By Max Bomber
Planned Parenthood facilities across the state are going under the microscope.
The move comes after the emergence of a video released by anti-abortion activists who say it shows a Planned Parenthood official trying to profit by selling remains to medical researchers.
“The callous disregard for life exhibited in the video is deeply disturbing and we must not stand idly by,” Pence said in his letter.
The hidden-camera video shows Planned Parenthood’s national senior director of medical services, Deborah Nucatola, allegedly discussing prices for what she refers to as “specimens.” She goes on to graphically describe the abortion procedures the group’s physicians commonly use to keep certain organs intact.
Under federal and state law, the buying or selling of human body parts is a felony.
The video was not filmed in Indiana. National Planned Parenthood officials have said they don’t profit from tissue sales and that tissue donation for medical research is legal.
An antiabortion group called the Center for Medical Progress posted the video on its website.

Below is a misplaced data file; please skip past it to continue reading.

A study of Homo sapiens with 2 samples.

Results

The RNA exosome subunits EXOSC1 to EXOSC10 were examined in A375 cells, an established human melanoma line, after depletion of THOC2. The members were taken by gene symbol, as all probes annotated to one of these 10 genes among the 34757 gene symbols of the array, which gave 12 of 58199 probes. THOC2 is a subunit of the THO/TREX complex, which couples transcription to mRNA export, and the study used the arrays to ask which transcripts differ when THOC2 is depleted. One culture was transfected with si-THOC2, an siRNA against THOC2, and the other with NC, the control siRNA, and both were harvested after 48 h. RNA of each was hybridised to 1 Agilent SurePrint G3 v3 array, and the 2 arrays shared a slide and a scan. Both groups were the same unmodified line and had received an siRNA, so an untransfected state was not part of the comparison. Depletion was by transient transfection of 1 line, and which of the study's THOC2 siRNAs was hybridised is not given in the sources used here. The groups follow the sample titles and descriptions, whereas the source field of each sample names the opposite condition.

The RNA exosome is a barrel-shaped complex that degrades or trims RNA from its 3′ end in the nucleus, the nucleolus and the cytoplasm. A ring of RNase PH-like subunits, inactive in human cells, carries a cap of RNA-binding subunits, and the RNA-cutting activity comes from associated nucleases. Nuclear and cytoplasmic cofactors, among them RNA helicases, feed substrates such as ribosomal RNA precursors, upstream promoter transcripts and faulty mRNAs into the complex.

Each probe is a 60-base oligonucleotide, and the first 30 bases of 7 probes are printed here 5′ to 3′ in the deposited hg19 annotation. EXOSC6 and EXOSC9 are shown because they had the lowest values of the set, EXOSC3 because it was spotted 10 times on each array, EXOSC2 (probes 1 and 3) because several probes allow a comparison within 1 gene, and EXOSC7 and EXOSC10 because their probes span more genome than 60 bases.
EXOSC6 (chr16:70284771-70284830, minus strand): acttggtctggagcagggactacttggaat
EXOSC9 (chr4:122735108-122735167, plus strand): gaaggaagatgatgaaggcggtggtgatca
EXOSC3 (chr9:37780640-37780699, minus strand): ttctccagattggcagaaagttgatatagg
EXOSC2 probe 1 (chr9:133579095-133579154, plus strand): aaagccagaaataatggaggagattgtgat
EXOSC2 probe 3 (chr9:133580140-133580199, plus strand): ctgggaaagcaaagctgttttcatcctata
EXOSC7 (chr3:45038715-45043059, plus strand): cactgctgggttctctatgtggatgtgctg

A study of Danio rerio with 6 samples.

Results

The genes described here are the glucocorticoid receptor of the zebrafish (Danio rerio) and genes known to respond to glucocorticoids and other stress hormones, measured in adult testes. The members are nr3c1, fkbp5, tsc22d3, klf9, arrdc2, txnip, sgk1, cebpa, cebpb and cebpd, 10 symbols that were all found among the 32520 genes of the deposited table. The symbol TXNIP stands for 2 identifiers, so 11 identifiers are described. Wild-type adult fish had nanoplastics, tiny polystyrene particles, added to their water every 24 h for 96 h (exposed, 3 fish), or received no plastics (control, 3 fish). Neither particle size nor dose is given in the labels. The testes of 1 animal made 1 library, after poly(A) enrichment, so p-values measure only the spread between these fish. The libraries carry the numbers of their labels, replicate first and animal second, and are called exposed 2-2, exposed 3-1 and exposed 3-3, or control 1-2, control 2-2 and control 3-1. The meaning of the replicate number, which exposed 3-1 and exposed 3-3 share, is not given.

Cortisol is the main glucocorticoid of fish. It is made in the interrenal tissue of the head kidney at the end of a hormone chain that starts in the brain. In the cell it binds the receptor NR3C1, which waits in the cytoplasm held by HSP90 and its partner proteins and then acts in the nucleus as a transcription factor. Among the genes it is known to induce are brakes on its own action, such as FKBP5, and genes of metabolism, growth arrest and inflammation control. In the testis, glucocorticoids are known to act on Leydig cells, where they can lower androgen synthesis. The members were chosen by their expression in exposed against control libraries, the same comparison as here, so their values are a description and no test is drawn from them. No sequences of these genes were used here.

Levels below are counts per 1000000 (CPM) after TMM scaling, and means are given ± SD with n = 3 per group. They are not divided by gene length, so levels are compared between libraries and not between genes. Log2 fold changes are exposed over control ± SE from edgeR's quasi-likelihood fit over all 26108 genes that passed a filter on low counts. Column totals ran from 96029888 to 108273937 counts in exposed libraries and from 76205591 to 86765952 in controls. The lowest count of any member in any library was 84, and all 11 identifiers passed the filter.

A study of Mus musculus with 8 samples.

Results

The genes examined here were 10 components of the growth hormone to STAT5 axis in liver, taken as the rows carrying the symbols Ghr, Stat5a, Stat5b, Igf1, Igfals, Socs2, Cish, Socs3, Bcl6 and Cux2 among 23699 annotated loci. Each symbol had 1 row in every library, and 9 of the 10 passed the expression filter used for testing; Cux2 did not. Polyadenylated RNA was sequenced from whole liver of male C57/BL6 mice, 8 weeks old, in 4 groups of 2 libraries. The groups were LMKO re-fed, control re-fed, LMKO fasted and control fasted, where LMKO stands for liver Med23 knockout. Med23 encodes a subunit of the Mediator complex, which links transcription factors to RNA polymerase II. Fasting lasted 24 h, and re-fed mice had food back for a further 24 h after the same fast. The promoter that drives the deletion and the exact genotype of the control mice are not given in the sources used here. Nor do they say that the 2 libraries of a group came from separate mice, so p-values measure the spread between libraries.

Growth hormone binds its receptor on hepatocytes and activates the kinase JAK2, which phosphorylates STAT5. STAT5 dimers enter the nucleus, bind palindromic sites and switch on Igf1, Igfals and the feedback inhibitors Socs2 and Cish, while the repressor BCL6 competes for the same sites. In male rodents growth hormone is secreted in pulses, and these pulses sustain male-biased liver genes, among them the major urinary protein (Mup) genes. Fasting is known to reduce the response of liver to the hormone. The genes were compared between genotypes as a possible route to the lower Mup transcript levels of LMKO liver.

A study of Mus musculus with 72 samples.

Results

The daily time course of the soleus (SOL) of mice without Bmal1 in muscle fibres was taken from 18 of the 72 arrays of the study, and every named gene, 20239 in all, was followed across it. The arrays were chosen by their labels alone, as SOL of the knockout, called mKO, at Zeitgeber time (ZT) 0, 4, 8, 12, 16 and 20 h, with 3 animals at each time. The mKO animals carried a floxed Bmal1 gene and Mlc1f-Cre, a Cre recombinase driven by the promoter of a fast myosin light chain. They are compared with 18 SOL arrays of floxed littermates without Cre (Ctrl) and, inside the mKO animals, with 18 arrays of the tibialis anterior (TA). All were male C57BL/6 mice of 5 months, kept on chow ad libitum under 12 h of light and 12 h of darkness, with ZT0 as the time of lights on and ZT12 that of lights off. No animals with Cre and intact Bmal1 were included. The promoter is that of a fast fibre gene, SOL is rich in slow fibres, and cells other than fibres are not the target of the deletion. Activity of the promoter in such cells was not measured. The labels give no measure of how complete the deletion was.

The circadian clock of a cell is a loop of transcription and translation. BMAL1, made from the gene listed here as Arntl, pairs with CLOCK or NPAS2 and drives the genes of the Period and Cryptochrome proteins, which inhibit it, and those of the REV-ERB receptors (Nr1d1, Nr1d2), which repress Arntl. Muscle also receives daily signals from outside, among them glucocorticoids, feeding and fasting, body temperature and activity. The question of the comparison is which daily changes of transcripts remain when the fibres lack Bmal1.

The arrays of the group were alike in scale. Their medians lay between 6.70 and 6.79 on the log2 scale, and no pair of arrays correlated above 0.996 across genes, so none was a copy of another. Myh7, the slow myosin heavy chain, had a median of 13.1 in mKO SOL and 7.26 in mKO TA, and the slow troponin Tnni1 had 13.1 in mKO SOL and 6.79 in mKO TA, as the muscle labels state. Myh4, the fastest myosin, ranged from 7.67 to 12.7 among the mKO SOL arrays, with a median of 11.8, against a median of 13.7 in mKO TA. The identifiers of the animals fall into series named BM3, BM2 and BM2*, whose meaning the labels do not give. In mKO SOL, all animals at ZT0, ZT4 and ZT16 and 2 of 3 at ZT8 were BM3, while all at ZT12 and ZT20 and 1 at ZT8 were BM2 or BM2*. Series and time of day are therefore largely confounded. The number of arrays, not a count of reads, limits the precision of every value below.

“We have seen the governor’s letter,” said Indiana Attorney General Greg Zoeller. “As state government’s lawyer, my office will provide legal counsel as needed to our state government clients including the Indiana State Department of Health, with regard to the department’s assessment of whether medical regulations and other legal requirements are being followed.”
Pence also wrote to the Indiana congressional delegation about the video.
His letter also went to the U.S. attorneys in the state’s Northern and Southern federal court districts as well as to county prosecutors in Marion, Monroe, Tippecanoe, and Lake counties, all of which have Planned Parenthood facilities that perform abortions.
“Every Hoosier should be deeply troubled by allegations that Planned Parenthood affiliates are engaged in the trafficking of human remains. If true, this is not only illegal, it is morally reprehensible,” wrote Pence in his letter.
Max Bomber is a reporter for TheStatehouseFile.com a news service powered by Franklin College journalism students.